The boom in the viral-friendly packaging of news stories — aping BuzzFeed, Upworthy, and their peers — will cease to be a profitable approach as a few players lap the field. Publishers will have to differentiate by catering a product to their audience: more and better research, more thoughtful content strategy, and more experimentation and progress in the CMS space. This will manifest itself in at least the following three ways:
- The end of the print-vs.-app and HTML5-vs.-native debates. The correct answer is All of the Above. Content strategies that work in concert with their mediums will be ascendent. Writers need to find readers wherever they are, and as more media is produced on mobile devices and the process of consumption begins to look more and more like creation (see: Instagram, Twitter, Medium), this will become obvious.
- A new analytics startup will come out of nowhere to challenge the established players. We’ve had little progress in this area since Measure Map and Urchin were sold to Google. Publications with wildly different goals and audiences are looking at the exact same analytics views. Mobile analytic systems are basically web metaphors mapped to smaller screens. Neither of these things make sense and there’s a huge opportunity here — every publisher wants better tools and stats.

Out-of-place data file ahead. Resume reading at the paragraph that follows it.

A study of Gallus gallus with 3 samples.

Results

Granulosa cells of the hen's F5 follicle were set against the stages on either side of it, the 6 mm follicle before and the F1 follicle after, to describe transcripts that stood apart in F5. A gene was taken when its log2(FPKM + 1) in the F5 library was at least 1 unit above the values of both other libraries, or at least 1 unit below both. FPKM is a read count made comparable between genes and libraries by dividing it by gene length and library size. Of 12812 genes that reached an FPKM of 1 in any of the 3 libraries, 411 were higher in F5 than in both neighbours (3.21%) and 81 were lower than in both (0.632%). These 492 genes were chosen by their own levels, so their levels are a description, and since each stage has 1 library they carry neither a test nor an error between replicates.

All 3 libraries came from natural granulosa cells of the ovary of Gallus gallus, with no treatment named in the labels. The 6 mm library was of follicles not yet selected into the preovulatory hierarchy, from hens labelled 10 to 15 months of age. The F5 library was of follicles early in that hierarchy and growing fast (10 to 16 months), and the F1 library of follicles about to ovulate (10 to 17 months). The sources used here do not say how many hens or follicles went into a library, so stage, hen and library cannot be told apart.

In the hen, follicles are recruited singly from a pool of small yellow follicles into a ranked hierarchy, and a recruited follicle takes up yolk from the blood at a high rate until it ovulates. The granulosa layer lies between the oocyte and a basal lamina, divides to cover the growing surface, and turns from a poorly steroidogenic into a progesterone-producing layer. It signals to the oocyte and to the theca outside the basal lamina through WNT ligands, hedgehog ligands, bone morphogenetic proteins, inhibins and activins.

- Many more web and app startups. Successful properties like The Awl, The Classical, and The Magazine will encourage more and more writers to go out on their own, and there will be a new ecosystem of proofreaders, developers, and designers who support editorial work at a much more granular level. This is the global newsroom we always imagined the Internet would give us.
I would say we’re at two percent of the Internet’s potential when it comes to a true meritocracy around the flow (and financial success) of the most valuable and quality work. If all of the above happen in the next few years, we’ll be at three percent.